Click to play video: 'Victoria company aims to give artists a hand up' Victoria company aims to give artists a hand up
For 20 years, Metropol in Victoria built its business helping artists promote their live shows. But when the pandemic hit, concerts ended and that part of the business disappeared. Now with restrictions lifting, the company is helping artists get back on their feet, putting up posters for upcoming concerts for free. Kylie Stanton reports. – Jul 23, 2021

As pandemic restrictions ease in British Columbia, artists and musicians are beginning to hit the stage again.

“Everyone misses the excitement of a live stage, we’re really excited to get back,” said Morgan Brooker, who manages musicians in Victoria.

“We’ve done some smaller shows, we’ve done some live streams, but it’s not that feeling you have with the connection of a big crowd.”

Read more: Weekly survey: Are you ready to go back to live concerts?

While artists are keen for that live rush again, getting back on the stage isn’t always easy. Eighteen months of cancelled shows has put a big hole in the budgets of small performers.

Now one Victoria printing company is stepping up to help the struggling arts industry get back onto its feet.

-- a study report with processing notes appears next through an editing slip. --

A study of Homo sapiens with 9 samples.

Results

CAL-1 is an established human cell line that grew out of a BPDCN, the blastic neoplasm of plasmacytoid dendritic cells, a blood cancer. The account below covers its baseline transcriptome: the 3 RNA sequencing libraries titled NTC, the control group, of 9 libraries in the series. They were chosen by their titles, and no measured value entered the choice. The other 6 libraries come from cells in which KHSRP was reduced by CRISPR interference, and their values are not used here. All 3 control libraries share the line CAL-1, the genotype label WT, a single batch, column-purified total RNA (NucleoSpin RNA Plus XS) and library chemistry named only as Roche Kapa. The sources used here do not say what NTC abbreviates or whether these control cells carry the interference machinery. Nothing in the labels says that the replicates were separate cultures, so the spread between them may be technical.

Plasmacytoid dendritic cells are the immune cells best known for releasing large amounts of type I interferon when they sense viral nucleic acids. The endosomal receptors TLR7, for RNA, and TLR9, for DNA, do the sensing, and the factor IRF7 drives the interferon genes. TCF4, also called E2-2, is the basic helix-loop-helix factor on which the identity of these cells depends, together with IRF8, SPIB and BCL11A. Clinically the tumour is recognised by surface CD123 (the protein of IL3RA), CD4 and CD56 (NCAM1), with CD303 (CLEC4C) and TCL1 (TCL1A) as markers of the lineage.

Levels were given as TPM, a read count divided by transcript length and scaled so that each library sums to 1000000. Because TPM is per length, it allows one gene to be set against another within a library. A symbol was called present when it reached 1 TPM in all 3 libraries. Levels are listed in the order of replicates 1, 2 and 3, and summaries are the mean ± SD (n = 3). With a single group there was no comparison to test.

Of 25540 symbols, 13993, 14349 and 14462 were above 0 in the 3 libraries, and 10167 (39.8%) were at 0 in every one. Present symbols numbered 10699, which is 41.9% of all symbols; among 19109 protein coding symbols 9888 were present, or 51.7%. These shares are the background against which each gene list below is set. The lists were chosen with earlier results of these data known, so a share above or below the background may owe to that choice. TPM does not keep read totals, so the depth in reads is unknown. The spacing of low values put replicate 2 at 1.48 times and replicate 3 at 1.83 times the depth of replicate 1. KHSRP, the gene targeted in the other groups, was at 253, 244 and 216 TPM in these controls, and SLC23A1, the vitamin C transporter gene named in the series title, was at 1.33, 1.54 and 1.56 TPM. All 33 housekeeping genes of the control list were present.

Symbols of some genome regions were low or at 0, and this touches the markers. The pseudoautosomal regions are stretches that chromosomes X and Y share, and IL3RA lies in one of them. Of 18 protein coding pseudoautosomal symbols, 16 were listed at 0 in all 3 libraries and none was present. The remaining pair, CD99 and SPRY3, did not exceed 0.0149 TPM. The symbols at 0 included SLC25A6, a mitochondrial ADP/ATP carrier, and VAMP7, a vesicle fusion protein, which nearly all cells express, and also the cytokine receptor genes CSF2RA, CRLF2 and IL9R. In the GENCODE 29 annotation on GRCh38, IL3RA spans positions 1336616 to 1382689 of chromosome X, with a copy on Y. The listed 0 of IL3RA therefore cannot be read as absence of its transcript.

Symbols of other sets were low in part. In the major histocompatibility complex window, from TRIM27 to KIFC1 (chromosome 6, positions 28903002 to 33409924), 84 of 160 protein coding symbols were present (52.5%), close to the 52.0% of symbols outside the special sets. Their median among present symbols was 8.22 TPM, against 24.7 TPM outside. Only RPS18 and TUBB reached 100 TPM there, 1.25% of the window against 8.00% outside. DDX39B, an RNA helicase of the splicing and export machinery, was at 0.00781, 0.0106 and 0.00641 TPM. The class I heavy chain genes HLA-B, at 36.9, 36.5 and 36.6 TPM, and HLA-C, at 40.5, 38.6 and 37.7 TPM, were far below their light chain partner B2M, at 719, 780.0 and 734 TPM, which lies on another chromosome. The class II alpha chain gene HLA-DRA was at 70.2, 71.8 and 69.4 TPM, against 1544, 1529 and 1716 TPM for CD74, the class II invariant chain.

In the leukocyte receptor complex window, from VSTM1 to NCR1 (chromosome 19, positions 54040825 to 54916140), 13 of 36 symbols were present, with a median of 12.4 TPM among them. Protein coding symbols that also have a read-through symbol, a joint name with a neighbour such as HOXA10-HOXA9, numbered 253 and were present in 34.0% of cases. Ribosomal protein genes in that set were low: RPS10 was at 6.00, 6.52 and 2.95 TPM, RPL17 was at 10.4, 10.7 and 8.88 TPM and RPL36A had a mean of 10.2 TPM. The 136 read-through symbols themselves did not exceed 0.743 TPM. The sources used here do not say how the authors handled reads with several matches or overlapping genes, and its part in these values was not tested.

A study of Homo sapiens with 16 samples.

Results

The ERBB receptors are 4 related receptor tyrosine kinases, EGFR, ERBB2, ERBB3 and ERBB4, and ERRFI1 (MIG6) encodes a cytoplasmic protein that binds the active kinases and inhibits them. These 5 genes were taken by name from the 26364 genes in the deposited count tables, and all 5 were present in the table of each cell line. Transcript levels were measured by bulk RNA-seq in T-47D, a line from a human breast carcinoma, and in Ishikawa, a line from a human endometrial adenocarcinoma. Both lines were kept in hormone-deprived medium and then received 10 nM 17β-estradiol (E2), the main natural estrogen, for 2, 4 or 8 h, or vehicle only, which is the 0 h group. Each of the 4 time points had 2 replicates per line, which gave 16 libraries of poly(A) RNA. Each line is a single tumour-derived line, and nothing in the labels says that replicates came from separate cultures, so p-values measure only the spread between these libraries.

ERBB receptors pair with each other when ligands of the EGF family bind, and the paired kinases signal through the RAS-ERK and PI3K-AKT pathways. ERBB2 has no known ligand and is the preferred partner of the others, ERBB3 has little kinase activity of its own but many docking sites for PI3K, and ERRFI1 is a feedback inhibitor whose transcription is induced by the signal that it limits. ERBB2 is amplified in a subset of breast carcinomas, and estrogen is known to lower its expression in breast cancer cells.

Metropol Industries CEO Steve Webb said the company built its success over two decades in large part through promoting upcoming concerts and shows in the capital region.

Now its offering to print and post those same posters for free as live events gear back up.

“The idea that bubbled up was, are we able to provide this as a community service, to these people, these arts groups, these business that have been with us for 19 years, that grew with us and supported us,” Webb said.

Read more: COVID-19 taking heavy toll on B.C.’s working musicians

Webb said having posters printed and posted around the city would usually cost an event a few hundred dollars.



“Just given what the costs are right now. We’re dealing with venues that have decreased capacity, we’re dealing with people out there who might be uncomfortable going out to these types of events.”

Read more: COVID-19: B.C. businesses gear up as pandemic restrictions relaxed

He said despite government grants, 2020 and 2021 have been lean years for artists, and even a small break like this will help them get back on their feet.


“And just me as a music fan, walking around downtown and seeing that there’s posters up and new music that I may not have heard about on Facebook or anything, it’s fantastic.”

Webb said about 40 local acts have taken the business up on its postering offer.